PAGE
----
I have been involved in Christian liturgical life for most of my adult experience. The first part of that experience was as an Anglican – a liturgical experience that is both Western and reformed. I have been involved in the liturgical life of Orthodox Christianity on one level or another for the past 16 years or so – and as an Orthodox priest since 1999. The two experiences are difficult to compare.
There is something “linear” about the reformed liturgies of the West (and by “reformed” I do not mean “Reformed” but “redesigned after 1500 and some after 1960”). The linear character of these liturgies is the simple fact that they tend to do one thing at a time, and in a manner in which actions are simplified and straight-forward. Orthodox liturgies are, in contrast, frequently engaged in several actions at the same time and often bring together varieties of images and events in a single service.
Principles that have driven reform over the centuries, and particularly in the 20th century, have often been quite rational and even sloganeering. My Anglican training reduced all ritual motion by a priest to things that could be seen and easily interpreted by the congregation. Actions only had meaning as they amplified the accompanying words and only had meaning within the mind of the people observing. No action had significance within itself (thus ritual became “pantomime”).
Despite efforts by some to reform the Byzantine heritage of Orthodoxy, it remains largely immune to the rationalizing and pantomiming principles of Western liturgies. Actions often occur out of sight of the congregation (even behind closed doors). Such actions can only have meaning because something is actually supposed to be happening. There is also a mammoth non-linear aspect to Eastern liturgies. Though liturgical texts are necessarily written in a linear fashion (unless you’ve ever seen the old Hapgood translations) what is described is a service in which many things may be happening at once. It is quite normal for choir, Deacon and Priest to all be doing things in a fairly simultaneous manner (which means that if you are not familiar with the service – a book can be more confusing than helpful).
More than the non-linearity of the service text is the lack of simplification in the liturgical event itself. One of the simplifying principles of the modern West has been the elimination of liturgical aggregates (you only celebrate one thing on a day). Thus it is frequently the case that feasts are moved away from Sundays in order to maintain the focus on the resurrection (notable exceptions are All Saints’ Sunday and the like). According to the Orthodox Typicon (the book which contains the directions and reasoning for liturgical practice) the greatest possible liturgical celebration is the concurrence of Pascha and the feast of the Annunciation on the same day. When this occurs, the Annunciation is not moved to a later or earlier time but is celebrated alongside and within Pascha itself (the rules for this being fairly complicated). This coincidence only occurs under Old Calendar usage since the “New Calendar” mixes the Old Calendar reckoning of Pascha along with the Gregorian reckoning of fixed dates.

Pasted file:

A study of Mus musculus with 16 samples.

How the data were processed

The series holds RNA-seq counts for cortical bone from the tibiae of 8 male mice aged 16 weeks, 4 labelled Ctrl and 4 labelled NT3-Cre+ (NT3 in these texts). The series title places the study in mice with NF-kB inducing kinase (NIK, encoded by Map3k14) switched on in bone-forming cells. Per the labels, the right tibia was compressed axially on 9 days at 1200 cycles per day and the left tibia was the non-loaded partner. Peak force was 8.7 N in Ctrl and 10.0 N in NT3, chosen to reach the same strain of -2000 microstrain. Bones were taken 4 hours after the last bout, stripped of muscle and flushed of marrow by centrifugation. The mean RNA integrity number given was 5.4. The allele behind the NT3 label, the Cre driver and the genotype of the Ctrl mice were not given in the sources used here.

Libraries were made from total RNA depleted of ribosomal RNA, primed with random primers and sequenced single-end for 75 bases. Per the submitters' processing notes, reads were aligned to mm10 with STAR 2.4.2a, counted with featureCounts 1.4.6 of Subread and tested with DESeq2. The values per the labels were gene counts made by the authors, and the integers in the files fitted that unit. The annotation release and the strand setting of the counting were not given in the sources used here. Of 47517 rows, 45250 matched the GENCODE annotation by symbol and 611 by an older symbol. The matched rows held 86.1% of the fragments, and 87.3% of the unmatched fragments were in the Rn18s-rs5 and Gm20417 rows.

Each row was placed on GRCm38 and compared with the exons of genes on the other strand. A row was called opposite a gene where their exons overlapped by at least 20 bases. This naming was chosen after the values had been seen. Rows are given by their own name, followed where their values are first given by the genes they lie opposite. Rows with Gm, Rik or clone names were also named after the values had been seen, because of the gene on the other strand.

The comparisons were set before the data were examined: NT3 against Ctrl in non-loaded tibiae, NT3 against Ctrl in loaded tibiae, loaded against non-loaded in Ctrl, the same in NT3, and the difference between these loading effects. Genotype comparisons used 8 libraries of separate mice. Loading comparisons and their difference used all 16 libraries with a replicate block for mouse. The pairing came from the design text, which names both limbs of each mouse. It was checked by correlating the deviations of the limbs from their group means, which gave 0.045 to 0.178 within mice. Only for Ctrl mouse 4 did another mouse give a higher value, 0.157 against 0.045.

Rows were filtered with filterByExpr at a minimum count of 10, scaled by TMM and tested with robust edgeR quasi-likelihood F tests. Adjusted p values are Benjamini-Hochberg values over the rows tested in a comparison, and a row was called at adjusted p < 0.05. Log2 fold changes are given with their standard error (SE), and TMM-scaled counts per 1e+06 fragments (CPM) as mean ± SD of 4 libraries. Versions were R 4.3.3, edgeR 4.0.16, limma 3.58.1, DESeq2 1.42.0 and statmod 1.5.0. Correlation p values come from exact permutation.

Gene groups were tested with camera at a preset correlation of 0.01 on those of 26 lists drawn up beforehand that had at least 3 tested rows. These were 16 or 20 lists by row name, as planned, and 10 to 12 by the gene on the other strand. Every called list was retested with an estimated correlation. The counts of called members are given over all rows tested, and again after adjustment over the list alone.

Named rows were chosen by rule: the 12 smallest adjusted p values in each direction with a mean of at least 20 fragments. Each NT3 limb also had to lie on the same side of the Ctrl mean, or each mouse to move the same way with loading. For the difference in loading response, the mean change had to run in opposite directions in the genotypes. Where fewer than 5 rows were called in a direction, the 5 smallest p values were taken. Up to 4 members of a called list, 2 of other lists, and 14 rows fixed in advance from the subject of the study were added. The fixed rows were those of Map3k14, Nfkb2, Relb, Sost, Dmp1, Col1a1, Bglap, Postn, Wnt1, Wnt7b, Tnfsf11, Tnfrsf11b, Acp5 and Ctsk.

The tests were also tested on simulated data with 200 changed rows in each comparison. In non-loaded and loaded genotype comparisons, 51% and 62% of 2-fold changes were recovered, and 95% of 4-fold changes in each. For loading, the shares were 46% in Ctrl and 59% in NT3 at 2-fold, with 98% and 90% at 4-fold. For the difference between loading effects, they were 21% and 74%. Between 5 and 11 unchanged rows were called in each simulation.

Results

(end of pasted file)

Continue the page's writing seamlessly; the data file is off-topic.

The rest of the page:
The thought of celebrating both the Annunciation and the Lord’s Pascha simultaneously is utterly foreign to Western liturgical usage. What becomes impossible under a regime of liturgical simplicity is the dialog that occurs when the Annunciation and Pascha are able to speak at the same time. This “polyphonic” character of Eastern liturgies is quite common. Every day of the week has a particular dedication (Monday for the angels, Tuesday for St. John the Forerunner, Wednesday the Betrayal of Christ, Thursday the Apostles and St. Nicholas, Friday the Crucifixion, Saturday the Theotokos and the Departed, and Sunday the Resurrection). Each day also has its saints (of whom there are very many each day). A day may also be a particular feast. It is not unusual in the course of the services for a particular day (which would include Vespers, Matins, as well as the Divine Liturgy) to have touched on all of these liturgical aspects rather than simplifying everything to a single point.
The result (particularly over a period of years) is a richness of experience in which each thing in the faith is brought into contact with everything in the faith. There is a fullness expressed in this experience that cannot be duplicated in another manner. This manner of liturgizing is reflected in the Orthodox resistance to separation and codification as a means of knowledge. The habits of a millennium in the West have been to break things into separate components and to seek to understand the whole by understanding its parts. The result is often an impoverishment of the faith and the experience of the faithful.
To know something in its fullness by experiencing it in the context of everything instead of in isolation is a difficult path. It requires greater stretches of time and often results in a knowledge that cannot easily be spoken. If such knowledge could be spoken in simplicity then it probably would be – but it cannot. The Christian faith, in its fullness, is inimical to reductionism.
The knowledge granted to us by God which is unspeakable is just so because it is too large for words. Liturgies which are less are just that – less.
Liturgy is a primary means given to us in the Church for encountering God. Why should such a thing be reasonable and simple and easily understood?